Police Force against BAME community – Rashan Charles and Mark Duggan

Rashan Charles and Mark Duggan are victims of the police brutality!

Disproportionate use of force against BAME community – Rashan Charles and Mark Duggan

Rashan Charles – Case explanation

An increase of police brutality against BAME community can be noticed.  BAME is an acronym for the  members of non-white communities in the UK (Black, Asian and ethnic minority). Activists for equality prefer to use terms like “ visible minority” or “people of color” instead. Regardless of the terminology used, certain people are far more likely to be stopped and searched on streets or in airports.

Fact for which, we will debate this case in our category Social Justice, as follows:

That’s was the case for Rashan Charles

Rashan Charles was suffocated and killed by police.

Rashan Charles, the-20-years old black father died after a police officer pinned him  to the ground.  They   had been chasing him early in the morning on 22 June.

The dramatic footage of the arrest of Rashan Charles shows Charles ran into the store, in Kingsland Road, east London at 1.45am on June 22. A police officer wrestled him to the floor. Rashan Charles struggled on the floor and  after the police officer   put on him the handcuffs,  he apparently stopped breathing.

Friends say  the community love  Rushan Charles.  He was gentle, polite, friendly.  Rush was also a good father to his baby daughter, Remiya.

The death of the 20 years old father sparked violent protests; protesters lit bonfires and hurled petrol bombs at officers in Dalston, east London.

Rashan Charles – People accuse the increase in police brutality especially against the BAME community

Black people are more than twice as likely as white people to be killed by police officers.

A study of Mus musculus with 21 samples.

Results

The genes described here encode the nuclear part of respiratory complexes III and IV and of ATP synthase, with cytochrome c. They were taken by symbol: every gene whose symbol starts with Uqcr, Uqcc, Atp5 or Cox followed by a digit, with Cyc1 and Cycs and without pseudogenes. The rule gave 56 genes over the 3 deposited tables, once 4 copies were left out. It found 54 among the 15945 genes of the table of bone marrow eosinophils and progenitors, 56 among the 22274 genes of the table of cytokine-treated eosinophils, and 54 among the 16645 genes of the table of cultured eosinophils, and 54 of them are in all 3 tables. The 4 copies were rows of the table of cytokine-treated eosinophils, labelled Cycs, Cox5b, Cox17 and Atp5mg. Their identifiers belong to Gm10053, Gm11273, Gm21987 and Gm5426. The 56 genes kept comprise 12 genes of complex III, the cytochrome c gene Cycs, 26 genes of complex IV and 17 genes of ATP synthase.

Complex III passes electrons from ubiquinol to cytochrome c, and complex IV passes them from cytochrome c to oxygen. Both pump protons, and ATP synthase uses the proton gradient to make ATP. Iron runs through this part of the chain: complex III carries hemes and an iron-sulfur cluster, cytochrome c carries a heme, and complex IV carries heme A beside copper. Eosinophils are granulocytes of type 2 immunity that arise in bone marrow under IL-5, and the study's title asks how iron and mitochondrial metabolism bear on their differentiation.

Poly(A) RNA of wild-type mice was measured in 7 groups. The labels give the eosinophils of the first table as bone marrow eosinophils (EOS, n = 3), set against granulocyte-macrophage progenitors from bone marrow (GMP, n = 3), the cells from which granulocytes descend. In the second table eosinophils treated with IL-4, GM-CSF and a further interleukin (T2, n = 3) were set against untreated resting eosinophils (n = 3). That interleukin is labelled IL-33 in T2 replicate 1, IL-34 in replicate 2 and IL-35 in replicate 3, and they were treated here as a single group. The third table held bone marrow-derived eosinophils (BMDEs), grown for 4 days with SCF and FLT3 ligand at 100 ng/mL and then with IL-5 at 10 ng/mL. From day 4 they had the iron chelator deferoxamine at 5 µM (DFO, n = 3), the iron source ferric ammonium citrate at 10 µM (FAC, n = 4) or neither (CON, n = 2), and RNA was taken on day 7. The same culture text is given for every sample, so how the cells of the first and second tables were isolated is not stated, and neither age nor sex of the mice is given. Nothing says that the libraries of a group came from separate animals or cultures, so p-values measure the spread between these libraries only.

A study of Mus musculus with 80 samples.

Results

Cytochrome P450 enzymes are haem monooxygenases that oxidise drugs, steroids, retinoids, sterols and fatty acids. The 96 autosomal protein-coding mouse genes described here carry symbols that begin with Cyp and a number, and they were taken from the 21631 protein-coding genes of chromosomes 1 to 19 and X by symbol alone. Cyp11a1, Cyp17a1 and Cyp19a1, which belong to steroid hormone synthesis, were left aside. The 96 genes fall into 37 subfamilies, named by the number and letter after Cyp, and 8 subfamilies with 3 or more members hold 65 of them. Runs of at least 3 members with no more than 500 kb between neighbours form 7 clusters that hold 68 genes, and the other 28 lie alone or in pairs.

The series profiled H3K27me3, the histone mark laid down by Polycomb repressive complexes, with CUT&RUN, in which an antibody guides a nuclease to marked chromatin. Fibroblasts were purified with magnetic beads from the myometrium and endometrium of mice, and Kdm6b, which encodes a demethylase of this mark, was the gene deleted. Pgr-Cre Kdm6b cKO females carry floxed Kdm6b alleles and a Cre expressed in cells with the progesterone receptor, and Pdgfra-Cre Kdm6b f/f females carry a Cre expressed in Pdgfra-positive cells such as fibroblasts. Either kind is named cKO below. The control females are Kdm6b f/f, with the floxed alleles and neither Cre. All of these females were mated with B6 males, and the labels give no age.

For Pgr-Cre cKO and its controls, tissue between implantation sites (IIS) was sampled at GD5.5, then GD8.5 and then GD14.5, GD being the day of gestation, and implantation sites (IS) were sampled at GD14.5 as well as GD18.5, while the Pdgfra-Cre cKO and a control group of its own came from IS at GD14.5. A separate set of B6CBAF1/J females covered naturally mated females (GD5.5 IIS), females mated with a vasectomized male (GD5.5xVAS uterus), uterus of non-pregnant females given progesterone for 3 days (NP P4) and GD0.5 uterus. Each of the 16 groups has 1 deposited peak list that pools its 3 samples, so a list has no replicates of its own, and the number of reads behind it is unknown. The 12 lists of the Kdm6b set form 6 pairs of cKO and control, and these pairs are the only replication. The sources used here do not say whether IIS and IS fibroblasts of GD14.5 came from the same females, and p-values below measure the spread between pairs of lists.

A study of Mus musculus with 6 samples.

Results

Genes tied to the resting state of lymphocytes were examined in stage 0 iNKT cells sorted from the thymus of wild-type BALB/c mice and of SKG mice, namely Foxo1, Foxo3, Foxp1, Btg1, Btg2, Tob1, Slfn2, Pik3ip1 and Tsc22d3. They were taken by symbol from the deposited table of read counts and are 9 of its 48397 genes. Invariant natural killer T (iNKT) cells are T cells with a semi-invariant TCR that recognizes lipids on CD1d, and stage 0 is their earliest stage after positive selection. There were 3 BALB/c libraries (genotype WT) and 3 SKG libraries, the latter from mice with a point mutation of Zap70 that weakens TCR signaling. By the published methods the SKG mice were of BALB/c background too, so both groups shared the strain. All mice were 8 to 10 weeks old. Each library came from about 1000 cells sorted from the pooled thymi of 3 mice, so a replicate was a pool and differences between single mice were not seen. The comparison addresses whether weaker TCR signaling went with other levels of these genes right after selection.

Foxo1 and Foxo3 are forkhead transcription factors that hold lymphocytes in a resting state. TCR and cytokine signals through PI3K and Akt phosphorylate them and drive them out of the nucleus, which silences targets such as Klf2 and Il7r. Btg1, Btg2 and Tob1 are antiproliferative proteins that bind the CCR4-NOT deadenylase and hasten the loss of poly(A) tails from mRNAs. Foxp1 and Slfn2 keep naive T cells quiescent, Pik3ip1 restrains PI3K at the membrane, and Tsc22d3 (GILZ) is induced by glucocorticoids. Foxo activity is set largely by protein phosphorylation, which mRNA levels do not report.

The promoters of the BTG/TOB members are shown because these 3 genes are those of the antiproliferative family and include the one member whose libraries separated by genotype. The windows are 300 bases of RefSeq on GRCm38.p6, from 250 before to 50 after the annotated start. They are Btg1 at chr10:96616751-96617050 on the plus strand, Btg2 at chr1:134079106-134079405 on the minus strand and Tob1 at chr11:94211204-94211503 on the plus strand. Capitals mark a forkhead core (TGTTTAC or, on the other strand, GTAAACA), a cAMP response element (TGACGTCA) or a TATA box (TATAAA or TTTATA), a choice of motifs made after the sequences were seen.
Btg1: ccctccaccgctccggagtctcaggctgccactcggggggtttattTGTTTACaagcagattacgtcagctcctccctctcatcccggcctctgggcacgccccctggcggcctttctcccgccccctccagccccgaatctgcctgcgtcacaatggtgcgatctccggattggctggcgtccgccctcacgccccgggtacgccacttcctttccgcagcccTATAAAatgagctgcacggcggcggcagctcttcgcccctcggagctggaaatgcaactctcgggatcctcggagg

Researchers agree that racism almost certainly plays a role in that disparity. But “racism” is too broad an explanation to reveal much about the more immediate causes or to point to a way to reduce police killings of black people.

Academic research on the issue:

“A more aggressive style of policing” in those areas “almost certainly contributes to more rapid escalations toward use of deadly force,” said Epp, co-author of the book Pulled Over: How Police Stops Define Race and Citizenship.
Phillip Atiba Goff, a professor in policing equity at John Jay College of Criminal Justice, also said that police officers were more likely to use force with black people than with white people.

“In the U.K., a black person is less likely to be shot dead on the streets than their counterpart in America. But we are more likely to be detained with brute force and left to die at the hands of neglectful officers. The racism in Britain’s justice system is insidious, but deadly nonetheless. British people are complacent because they do not think things like this happen in their state, but they do and they have for years. Britain is the motherland of racism— it taught America everything it knows about intolerance and oppression” – source.

Human Rights Activists from Hackney against police brutality !

After the brutally murder of Rushan Charles, human rights activists from Hackney have gathered sympathizers from all over the world. They  they  created the  Facebook page “Enough is Enough! As a community we can create change!”
They tried to hold discussions with police officers asking justice for Rush; they also organized peaceful protests; besides the Rushan Charles protests, they also organized the Mark Duggan Protest.
The violence has drawn parallels with the London riots in 2011, which were sparked by the police shooting of 29-year-old Mark Duggan in Tottenham.

Mark Duggan


A  29-year-old British man, Mark Duggan, was shot and killed by police in Tottenham, North London, England, on 4 August 2011.

He had fathered six children in total, the youngest of whom was born after he died. Duggan had worked at Stansted Airport and, according to his cousin, had applied to work as a firefighter.

 The death of Mark Duggan increased the tension between the black communities and the police

A public inquiry on the Duggan killing began on 16 September 2013, and ended on 8 January 2014.  An 8–2 majority concluded  that Duggan’s death was a lawful killing and trying to justify the homicide.

Is there any learning that could prevent deaths of this nature in the future?

According to different research studies, racism manifests itself in different ways, requiring a range of solutions. If the disparity arises because bias among police officers makes them more likely to fire guns at black people than at white people, then, let’s change  the police officers’ selection: firstly, a   police officer is  a person   without prejudices and bias, open minded, who respect equality and human dignity; thus, a test will select them before they will  attend courses in order to become police officers. They will   attend  training against racism, intolerance, discrimination, bias, prejudices. Also, The Police must fire the  officers who show bias.